PHP SDK

Reference documentation for Jahuty's PHP SDK.

Installation

This library requires PHP 7.3+.

It should be installed via Composer. To do so, add the following line to the require section of your composer.json file (where x is the latest major version), and run composer update:

{
   "require": {
       "jahuty/jahuty-php": "^x"
   }
}

Usage

Instantiate the client with your API key and use the snippets->render() method to render your snippet:

$jahuty = new \Jahuty\Client('YOUR_API_KEY');

$render = $jahuty->snippets->render(YOUR_SNIPPET_ID);

Then, output the render’s content by casting it to a string or using its getContent() method:

$jahuty = new \Jahuty\Client('YOUR_API_KEY');

$render = $jahuty->snippets->render(YOUR_SNIPPET_ID);

(string)$render;

$render->getContent();

In an HTML view:

<?php
  $jahuty = new \Jahuty\Client('YOUR_API_KEY');
?>
<!doctype html>
<html>
<head>
    <title>Awesome example</title>
</head>
<body>
    <?php echo $jahuty->snippets->render(YOUR_SNIPPET_ID); ?>
</body>

Parameters

You can pass parameters into your snippet using the options hash and the params key:

$jahuty = new \Jahuty\Client('YOUR_API_KEY');

$render = $jahuty->snippets->render(YOUR_SNIPPET_ID, [
  'params' => [
    'foo' => 'bar'
  ]
]);

The parameters above would be equivalent to assigning the variable below in your snippet:

{% assign foo = "bar" %}

Caching

Caching controls how frequently this library requests content from Jahuty’s API.

  • In development, where content is frequently changing and low traffic, you can use the default in-memory store to view content changes instantaneously.
  • In production, where content is more stable and high traffic, you can configure persistent caching to reduce network requests and improve your application’s response time.

Caching in memory (default)

By default, Jahuty uses an in-memory cache to avoid requesting the same render more than once during the same request lifecycle. For example:

$jahuty = new \Jahuty\Client('YOUR_API_KEY');

// This call sends a synchronous API request; caches the result in memory; and,
// returns the result to the caller.
$render1 = $jahuty->snippets->render(YOUR_SNIPPET_ID);

// This call skips sending an API request and uses the cached value instead.
$render2 = $jahuty->snippets->render(YOUR_SNIPPET_ID);

The in-memory cache only persists for the duration of the original request, however. At the end of the request’s lifecycle, the cache will be discarded. To store renders across requests, you need a persistent cache.

Caching persistently

A persistent cache allows renders to be cached across multiple requests. This reduces the number of synchronous network requests to Jahuty’s API and improves your application’s average response time.

To configure Jahuty to use a persistent cache, pass a PSR-16 CacheInterface implementation to the client via the cache configuration option:

$jahuty = new \Jahuty\Client('YOUR_API_KEY', ['cache' => $cache]);

The persistent cache implementation you choose and configure is up to you. There are many libraries available, and most frameworks provide their own. Any PSR-16 compatible implementation will work.

Expiring cached renders

There are three methods for configuring a render’s Time to Live (TTL), the amount of time between when a render is stored and when it’s considered stale. From lowest-to-highest precedence, they are:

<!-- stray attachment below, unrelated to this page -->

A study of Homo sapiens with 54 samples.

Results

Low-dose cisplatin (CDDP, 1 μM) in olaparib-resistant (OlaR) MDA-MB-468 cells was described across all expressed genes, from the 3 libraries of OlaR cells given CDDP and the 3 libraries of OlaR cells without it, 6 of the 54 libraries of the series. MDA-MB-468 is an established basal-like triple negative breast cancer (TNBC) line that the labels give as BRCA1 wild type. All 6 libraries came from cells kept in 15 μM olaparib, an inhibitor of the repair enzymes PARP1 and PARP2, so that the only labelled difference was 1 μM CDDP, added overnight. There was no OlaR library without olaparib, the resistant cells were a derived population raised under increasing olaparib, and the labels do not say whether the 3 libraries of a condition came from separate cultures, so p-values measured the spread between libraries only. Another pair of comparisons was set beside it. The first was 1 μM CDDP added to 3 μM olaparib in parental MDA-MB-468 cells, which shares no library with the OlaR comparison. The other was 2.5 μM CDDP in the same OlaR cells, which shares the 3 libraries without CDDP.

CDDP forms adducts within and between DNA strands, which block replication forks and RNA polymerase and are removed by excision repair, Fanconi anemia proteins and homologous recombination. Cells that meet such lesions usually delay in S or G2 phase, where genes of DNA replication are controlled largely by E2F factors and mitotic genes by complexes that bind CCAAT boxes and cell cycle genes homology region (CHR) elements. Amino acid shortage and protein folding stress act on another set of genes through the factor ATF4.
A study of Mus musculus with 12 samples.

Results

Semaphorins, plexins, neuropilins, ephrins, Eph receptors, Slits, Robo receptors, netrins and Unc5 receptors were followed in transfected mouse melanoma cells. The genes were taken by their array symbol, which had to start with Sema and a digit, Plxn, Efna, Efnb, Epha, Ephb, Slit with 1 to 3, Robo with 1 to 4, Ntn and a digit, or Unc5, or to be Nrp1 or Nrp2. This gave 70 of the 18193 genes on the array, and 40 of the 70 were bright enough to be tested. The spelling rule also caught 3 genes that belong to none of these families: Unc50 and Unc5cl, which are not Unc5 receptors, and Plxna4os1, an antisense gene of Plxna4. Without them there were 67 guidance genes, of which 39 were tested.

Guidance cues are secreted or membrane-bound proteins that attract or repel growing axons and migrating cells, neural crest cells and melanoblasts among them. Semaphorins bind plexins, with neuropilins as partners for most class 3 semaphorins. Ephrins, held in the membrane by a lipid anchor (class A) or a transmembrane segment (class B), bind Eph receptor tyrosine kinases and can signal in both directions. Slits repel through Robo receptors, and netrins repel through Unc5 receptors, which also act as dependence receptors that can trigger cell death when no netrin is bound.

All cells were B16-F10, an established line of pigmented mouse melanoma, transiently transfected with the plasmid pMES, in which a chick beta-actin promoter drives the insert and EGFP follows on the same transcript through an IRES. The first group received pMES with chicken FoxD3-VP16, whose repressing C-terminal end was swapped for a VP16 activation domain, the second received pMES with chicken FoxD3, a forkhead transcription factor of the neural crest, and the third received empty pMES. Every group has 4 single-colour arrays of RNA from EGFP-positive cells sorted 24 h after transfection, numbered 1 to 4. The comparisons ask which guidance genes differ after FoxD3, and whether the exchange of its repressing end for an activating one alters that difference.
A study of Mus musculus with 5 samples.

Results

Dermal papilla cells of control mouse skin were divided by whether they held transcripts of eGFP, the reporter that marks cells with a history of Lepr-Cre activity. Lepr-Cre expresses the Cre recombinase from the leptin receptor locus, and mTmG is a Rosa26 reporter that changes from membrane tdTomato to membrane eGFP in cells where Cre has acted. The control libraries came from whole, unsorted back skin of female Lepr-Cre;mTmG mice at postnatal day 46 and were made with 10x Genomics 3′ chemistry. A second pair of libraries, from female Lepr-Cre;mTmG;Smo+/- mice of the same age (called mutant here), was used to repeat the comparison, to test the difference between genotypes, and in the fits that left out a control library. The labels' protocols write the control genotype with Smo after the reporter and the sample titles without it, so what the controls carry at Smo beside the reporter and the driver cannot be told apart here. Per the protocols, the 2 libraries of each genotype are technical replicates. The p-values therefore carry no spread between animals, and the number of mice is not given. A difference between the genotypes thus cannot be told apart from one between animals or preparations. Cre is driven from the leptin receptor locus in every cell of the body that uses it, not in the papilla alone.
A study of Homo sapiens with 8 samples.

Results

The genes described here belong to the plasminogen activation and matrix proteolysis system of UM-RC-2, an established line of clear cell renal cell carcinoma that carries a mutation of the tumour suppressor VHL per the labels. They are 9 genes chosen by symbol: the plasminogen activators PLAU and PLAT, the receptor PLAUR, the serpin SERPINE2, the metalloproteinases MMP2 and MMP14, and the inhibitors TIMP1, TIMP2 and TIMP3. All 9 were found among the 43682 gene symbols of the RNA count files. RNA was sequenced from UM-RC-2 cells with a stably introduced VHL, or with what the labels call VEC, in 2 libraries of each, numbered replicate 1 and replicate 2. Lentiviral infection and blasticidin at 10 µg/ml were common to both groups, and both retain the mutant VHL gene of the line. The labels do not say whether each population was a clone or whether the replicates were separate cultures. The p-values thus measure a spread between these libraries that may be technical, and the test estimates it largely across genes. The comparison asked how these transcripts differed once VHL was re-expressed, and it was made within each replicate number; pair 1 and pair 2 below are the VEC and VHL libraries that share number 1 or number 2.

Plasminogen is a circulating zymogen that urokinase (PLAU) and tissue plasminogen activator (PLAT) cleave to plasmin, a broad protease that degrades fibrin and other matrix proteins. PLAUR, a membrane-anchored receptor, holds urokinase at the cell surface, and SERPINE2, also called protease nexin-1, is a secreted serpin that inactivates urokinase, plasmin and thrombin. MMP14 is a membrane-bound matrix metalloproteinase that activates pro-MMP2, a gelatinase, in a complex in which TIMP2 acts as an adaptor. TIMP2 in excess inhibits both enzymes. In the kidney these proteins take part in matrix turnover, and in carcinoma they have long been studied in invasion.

1. configuring your caching implementation,
  2. configuring this library’s default TTL, and
  3. configuring a render’s TTL.

Configuring your caching implementation

You can usually configure your caching implementation with a default TTL. If no other TTL is configured, this library will defer to the caching implementation’s default TTL.

Configuring this library’s default TTL

You can configure a default TTL for all of this library’s renders by passing an integer number of seconds or a DateInterval instance via the client’s ttl configuration option:

$jahuty = new \Jahuty\Client('YOUR_API_KEY', [
  'cache' => $cache,
  'ttl'   => 60  // <- caches all renders for sixty seconds
]);

If this library’s default TTL is set, it will take precedence over the default TTL of the caching implementation.

Configuring a render’s TTL

You can configure one render’s TTL by passing an integer number of seconds or a DateInterval instance via its ttl configuration option:

// default to the caching implementation's TTL for all renders
$jahuty = new \Jahuty\Client('YOUR_API_KEY', ['cache' => $cache]);

$render = $jahuty->snippets->render(1, [
  'ttl' => 60  // <- except this render
]);

Disabling caching

You can disable caching, even the default in-memory caching, by passing a ttl of zero (0) or a negative integer (e.g., -1) via any of the methods described above. For example:

// disable all caching
$jahuty1 = new \Jahuty\Client('YOUR_API_KEY', ['ttl' => 0]);

// disable caching for one render
$jahuty2 = new \Jahuty\Client('YOUR_API_KEY');
$jahuty2->snippets->render(1, ['ttl' => 0]);

Errors

If Jahuty’s API returns any status code other than 2xx, a Jahuty\Exception\Error exception will be thrown:

try {
  $jahuty = new \Jahuty\Client('YOUR_API_KEY');
  $render = $jahuty->snippets->render(YOUR_SNIPPET_ID);
} catch (\Jahuty\Exception\Error $e) {
  $problem = $e->getProblem();

  echo $problem->getStatus();  // returns status code
  echo $problem->getType();    // returns URL to more information
  echo $problem->getDetail();  // returns description of error
}

Example

If you’d like to see the SDK in action, see jahuty/jahuty-php-example.

Contributing

Contributions or bug reports are welcome via GitHub!